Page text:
While spending more time at home and contending with increased stress amid the global pandemic, we can't show our bodies enough TLC. But from the confines of a living room or bedroom where, for many, space is limited, there's quite literally not much room to get creative. As a result, mat-based therapy and movement, from yoga to stretching with a foam roller, has risen in popularity.
For at-home workout devotees with sore muscles, or those who are simply looking to reinvigorate their bodies after spending excess time stationary, a robust form of self-care comes in the form of New York City acupuncture studio WTHN's new acupressure mat. Marrying stress-melting results with roll-up-and-store ease, it's a game-changing solution for so much that ails us in this challenging time.
For thousands of years, in different areas of ancient science—from Ayurveda to to traditional Chinese Medicine—acupressure, which applies the same principles as acupuncture sans needles, has been used as a technique for pacifying the mind and body. "Acupressure is a great DIY technique to reduce stress, relieve pain, and promote mind and body wellness from the comfort of your own home," explains Dr. Shari Auth (DACM, LAC, LMT), co-founder of WTHN. "Just like acupuncture, acupressure stimulates points across the body, aka acupoints, that correspond to various ailments or conditions. There are hundreds of acupoints on the body and they are located where blood, nerve, lymph and connective tissue meet." While clinical research on acupressure is still emerging, studies have shown that the technique can help relieve a variety of types of pain, such as chronic low back pain, as well as help whittle away at stress. "Most people feel relaxed and rejuvenated after an acupressure session as muscles have released, circulation has increased, and pain has diminished," says Auth.
To provide its user with a gentle acupressure massage, WTHN's ergonomically designed mat is made with raised plastic acu-points instead of needles to increase circulation, alleviate muscle soreness, and induce relaxation. "Stimulating an acupoint sends a message to the brain that alters brain chemistry and tells the body to react to achieve a desired result," explains Auth. "For example, an acupressure point that corresponds to stress could trigger the brain to lower cortisol levels (our stress hormone) while increasing dopamine and serotonin levels (our happy hormones)." For more tailored results, the mat can also be used in a variety of different positions: while seated on a chair, laying down to relieve back pain, or in standing position to relax the feet and wake up the body. According to Auth, taking "acu-naps" is another strategy for achieving full-body relaxation, whether you need a boost in the morning or a midday pick me up.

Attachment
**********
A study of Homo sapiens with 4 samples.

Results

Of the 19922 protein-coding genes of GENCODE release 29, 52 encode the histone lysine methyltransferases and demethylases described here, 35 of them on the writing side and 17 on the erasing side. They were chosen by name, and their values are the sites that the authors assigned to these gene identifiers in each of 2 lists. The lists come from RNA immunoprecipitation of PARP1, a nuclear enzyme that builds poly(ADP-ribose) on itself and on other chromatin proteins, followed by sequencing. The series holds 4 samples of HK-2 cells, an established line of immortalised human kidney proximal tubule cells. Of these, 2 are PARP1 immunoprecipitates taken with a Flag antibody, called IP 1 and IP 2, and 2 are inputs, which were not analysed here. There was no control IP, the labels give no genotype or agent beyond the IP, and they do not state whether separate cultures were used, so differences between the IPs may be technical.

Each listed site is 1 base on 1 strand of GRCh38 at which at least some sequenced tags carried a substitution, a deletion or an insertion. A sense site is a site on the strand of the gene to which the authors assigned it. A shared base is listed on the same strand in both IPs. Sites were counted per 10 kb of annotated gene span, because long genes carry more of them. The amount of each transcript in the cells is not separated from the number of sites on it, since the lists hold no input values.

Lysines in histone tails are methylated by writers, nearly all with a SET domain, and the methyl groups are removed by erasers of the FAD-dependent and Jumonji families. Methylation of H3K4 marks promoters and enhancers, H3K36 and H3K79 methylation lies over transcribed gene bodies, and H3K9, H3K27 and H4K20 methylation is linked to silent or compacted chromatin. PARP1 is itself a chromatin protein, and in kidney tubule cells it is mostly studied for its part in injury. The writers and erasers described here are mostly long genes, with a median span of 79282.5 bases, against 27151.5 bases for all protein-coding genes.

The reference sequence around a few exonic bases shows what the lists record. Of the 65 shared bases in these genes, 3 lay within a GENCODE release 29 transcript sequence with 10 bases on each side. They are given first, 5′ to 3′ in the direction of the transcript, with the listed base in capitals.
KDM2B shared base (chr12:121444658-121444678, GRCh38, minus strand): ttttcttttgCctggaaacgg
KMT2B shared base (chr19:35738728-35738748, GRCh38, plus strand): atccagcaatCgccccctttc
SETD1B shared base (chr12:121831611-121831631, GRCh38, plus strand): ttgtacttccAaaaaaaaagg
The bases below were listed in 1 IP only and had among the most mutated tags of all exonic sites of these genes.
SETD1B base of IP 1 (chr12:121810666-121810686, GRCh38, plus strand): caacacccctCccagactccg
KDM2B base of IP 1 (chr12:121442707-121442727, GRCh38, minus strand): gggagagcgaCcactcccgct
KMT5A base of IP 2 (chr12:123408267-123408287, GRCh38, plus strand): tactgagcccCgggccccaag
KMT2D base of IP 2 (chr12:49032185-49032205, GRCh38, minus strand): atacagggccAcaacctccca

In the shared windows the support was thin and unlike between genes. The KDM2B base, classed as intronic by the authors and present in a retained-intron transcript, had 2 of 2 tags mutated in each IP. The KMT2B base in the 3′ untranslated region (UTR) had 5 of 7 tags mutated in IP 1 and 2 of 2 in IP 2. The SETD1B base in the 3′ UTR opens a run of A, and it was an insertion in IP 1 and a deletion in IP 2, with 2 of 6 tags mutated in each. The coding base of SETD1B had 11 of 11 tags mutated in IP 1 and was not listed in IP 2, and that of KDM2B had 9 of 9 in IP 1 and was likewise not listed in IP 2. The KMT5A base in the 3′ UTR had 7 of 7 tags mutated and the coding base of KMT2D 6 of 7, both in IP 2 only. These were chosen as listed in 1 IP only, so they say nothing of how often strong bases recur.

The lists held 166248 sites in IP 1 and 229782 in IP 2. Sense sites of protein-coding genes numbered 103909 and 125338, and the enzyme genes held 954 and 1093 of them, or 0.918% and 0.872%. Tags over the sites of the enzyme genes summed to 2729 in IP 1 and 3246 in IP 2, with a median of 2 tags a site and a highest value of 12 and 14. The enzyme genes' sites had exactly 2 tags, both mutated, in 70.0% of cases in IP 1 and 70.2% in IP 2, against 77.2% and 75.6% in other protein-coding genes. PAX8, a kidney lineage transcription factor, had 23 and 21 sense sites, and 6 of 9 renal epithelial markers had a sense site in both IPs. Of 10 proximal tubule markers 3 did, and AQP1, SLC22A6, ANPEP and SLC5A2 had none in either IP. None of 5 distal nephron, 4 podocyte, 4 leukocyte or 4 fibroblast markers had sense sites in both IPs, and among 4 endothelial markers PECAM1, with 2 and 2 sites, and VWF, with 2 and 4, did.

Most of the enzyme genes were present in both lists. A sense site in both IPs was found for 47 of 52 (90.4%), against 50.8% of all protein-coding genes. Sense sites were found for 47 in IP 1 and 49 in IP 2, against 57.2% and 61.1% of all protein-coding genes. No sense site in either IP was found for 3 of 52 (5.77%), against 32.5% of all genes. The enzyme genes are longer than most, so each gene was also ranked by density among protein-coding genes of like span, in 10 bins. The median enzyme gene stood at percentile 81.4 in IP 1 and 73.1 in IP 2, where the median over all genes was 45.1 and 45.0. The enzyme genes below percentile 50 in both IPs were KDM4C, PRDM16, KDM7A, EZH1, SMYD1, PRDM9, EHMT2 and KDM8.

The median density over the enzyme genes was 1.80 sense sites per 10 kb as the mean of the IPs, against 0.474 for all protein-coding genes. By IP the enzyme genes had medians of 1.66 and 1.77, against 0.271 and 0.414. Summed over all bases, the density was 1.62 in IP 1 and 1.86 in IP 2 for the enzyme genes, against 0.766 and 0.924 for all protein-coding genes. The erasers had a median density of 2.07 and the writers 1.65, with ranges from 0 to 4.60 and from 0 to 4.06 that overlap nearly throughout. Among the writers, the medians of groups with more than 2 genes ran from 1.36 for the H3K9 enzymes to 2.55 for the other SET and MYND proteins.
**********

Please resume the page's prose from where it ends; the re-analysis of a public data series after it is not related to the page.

To enhance the experience to multisensory effect, consider pairing your acupressure session with candlelight, aromatherapy, and soothing sounds. "Whether you’re suffering from aches and pains from working from your kitchen table, or dealing with increased stress from everything that is going on, an acupressure mat session helps," says Auth, adding that it's also a good substitute if you can’t get to your regular acupuncture, massage, or bodywork in the time of social distancing. "You can really empower your health from home."